I was walking down the hall at school after mass, when I felt a hard smack in the back of my head. It wasn't unexpected. Kids had been calling me names like "stupid retard," poking, and threatening me for weeks before it happened. But after it happened I was still in shock. Unfortunately, since I was blindsided, I still have no idea who did it. Nobody who walked down the hall with me that day will speak up and help identify the bully. I'm not going to fight back the way the bullies want me to. Instead, I'm going to speak up and not suffer in silence.
We can distinguish the reasonable men in our lives from the unreasonable men, simply by observing their reactions to our expressions of anger, displeasure or frustration toward them. A reasonable man is willing to take responsibility for his part in things; he'll accept our feedback and will make every effort to accommodate our needs.
The bad news is we perceive bullying to be more prolific than it was when we were young. The good news is we seem to be more aware and less tolerant of its destructive effects. We're split on how effectively our schools are dealing with the problem, to be sure. But the conversations are more open; the subject less beguiling.
It's pretty simple. Yet, somehow, we forget. We eat too much, sleep too little, wake up on the wrong side of life, are running late, annoyed by fate ...
If your dream is to accumulate more and more stuff, more power to you. You know what's important to your well being. But if it isn't, maybe you'll shift to making a life and not just a living?
We all know how this script is supposed to go: Gay kid gets teased and bullied. Gay kid feels demeaned and ashamed. Gay kid maybe gets beaten up. Gay kid runs off to lick his wounds and feel horrible about himself. Gay kid feels alone. But not this time. This time the gay kid, my gay kid, fought back. And the bully ran away.
The truth is that you can't count on anyone else to take the lead: Sometimes it has to be you.
We need to get angry. We need to get involved. More than anything, we need to get angry at the right people. We need to stand together, and not allow ourselves to be hoodwinked into being angry at Mosques, when we should be angry at the fat cats of Threadneedle Street, and at Parliament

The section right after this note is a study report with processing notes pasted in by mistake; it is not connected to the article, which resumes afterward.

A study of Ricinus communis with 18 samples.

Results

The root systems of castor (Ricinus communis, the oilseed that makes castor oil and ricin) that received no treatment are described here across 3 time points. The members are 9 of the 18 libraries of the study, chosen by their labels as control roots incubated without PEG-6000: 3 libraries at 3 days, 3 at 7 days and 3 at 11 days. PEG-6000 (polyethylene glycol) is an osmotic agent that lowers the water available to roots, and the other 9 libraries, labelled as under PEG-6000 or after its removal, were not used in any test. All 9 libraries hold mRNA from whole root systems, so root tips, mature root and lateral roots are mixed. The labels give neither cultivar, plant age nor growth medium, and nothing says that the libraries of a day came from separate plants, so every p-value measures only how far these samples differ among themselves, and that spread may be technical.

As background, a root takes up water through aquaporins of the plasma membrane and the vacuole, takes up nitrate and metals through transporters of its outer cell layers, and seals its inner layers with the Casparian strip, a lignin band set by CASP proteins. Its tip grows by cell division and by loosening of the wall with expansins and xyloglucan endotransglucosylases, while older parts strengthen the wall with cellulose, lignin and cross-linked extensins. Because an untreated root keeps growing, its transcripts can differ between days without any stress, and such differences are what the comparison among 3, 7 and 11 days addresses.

In 2015, on the cusp of our presidential election year, courage can take us to being above party politics, putting employee good above profit to shareholders, demonstrating caring and responsibility to our neighbors, being true to our word, valuing life, and exhibiting love.
There are numerous ways to ensure that your child has the greatest possible chance to learn to be kind and empathic to others. All of these are things that are easy for you to do at home.
Boys of parents who encourage high standards and moral courage have an easier time thinking independently and standing up for what they believe in. And that can be as simple as being brave yourself: After all, you are the best role model for your son.
Elsa isn't excluding Anna because of anything having to do with Anna. Anna rocks. Elsa is insecure about her powers and shuts Anna out because she doesn't know how else to handle them.
It all began when this nasty kid was picking on me in electric shop class, shoving me from behind and laughing when I didn't fight back. I didn...
The single most essential tactic to stop bullying, in my experience, is parental involvement. Parents, school principals and guidance counselors must all work together to help the bully understand why he/she is acting out this way.
We probably all have memories of our favorite teachers, the ones who inspired us and still make us smile years later. And then there are the ones who are like Grendel at the banqueting hall in Beowulf, casting a long shadow.
Anyone who is truthful about their childhood remembers that they were either the victims of violence themselves or they had been unwilling witnesses to a bullying incident. The fact is, bullying has been an unfortunate fact of life for too many generations of children.